The United Nations migration agency today reported thousands of new arrivals at Iraqi sites for the internally displaced persons (IDPs) fleeing Mosul’s western sector where fighting is taking place between the Government forces and Islamic State of Iraq and the Levant (ISIL/Da’esh) terrorists.
Since the start of Iraqi forces’ efforts to retake the city’s western section on 19 February, more than 10,000 people have been displaced in the zone, according to Iraq’s Ministry of Migration and Displacement (MoMD).
“We are very worried about the fate of the tens of thousands of families still trapped inside of West Mosul,” said Mr. Weiss.
IOM reported some 1,650 people arrived today at the Hamam al-Aleel facility, and nearly 2,800 arrived at Qayara air strip on Sunday night. Both these locations are in Nineweh Governorate southeast of Mosul.
MoMD estimates another 3,000 individuals are already moving towards the checkpoints and are expected to arrive tomorrow.
These numbers, among the largest in weeks, are just a fraction of the 250,000 or more people who could yet be displaced from western Mosul as fighting escalates, said IOM Iraq press officer Hala Jaber.
“There is serious concern for the 750,000 trapped in the densely populated western sector, with conditions worsening daily, according to reports and testimonies from those who have managed to escape,” she said.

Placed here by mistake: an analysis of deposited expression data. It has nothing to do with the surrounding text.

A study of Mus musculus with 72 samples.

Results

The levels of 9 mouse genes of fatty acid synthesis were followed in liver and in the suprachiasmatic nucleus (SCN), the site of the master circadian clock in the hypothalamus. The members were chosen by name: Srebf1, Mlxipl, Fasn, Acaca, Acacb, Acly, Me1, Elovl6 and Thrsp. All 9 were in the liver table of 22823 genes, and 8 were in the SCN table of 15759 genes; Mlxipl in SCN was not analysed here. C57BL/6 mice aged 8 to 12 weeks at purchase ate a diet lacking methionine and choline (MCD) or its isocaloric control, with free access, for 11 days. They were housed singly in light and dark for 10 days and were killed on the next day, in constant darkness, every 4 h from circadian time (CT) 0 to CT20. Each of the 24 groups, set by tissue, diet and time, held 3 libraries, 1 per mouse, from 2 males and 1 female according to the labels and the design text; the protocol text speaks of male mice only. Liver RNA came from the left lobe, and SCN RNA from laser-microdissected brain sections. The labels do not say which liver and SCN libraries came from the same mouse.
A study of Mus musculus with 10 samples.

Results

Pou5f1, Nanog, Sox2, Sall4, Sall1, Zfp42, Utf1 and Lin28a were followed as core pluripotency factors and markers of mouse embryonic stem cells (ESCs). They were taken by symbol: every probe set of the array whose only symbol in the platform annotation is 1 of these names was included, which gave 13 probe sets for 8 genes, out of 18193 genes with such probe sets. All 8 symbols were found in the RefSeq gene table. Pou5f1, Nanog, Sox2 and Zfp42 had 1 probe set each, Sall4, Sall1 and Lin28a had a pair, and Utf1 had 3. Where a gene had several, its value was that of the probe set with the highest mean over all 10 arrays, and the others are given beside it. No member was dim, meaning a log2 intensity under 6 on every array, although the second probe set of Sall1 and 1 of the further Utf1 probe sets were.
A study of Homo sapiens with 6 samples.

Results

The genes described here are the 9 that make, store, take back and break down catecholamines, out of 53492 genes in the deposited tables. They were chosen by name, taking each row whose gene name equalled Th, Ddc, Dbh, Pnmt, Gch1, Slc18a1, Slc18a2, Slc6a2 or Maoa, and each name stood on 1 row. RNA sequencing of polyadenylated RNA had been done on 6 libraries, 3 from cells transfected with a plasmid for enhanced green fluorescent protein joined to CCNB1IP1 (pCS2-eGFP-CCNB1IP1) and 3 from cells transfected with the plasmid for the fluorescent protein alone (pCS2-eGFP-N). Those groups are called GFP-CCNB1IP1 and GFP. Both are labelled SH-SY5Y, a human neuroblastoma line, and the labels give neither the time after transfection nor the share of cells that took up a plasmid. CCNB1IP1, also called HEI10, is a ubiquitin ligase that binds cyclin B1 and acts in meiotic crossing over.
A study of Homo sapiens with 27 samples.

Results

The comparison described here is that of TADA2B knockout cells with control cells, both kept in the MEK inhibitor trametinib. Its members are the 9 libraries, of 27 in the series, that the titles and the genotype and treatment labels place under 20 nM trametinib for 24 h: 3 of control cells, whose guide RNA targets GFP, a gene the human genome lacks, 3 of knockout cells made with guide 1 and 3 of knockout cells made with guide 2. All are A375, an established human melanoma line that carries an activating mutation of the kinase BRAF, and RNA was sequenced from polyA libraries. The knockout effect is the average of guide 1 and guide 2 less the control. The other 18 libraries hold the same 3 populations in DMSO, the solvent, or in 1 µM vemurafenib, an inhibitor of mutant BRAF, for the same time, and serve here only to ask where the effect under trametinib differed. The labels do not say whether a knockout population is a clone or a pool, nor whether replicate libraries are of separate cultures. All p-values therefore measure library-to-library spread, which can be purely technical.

Those who arrived at the Qayara site yesterday, including children, spoke of seeing dead bodies on the streets as they escaped. Many corpses, they said, were ISIL fighters; others civilians killed by Improvised Explosive Devices (IEDs) laid by militants.
Families escaping with children are reportedly taping their mouths with duct tape to ensure they don’t cry or make a sound that would alert ISIL. Other families are giving their children sleeping pills or Valium to keep them quiet during their escape.
IOM’s Qayara site is currently providing shelter for 4,472 displaced families or 25,344 individuals, with a planned capacity to hold 10,000 families or 60,000 individuals. The Haj Ali emergency site is currently hosting 1,565 displaced families, or 6,994 individuals, with a planned capacity for 7,000 families, or 40,000 individuals.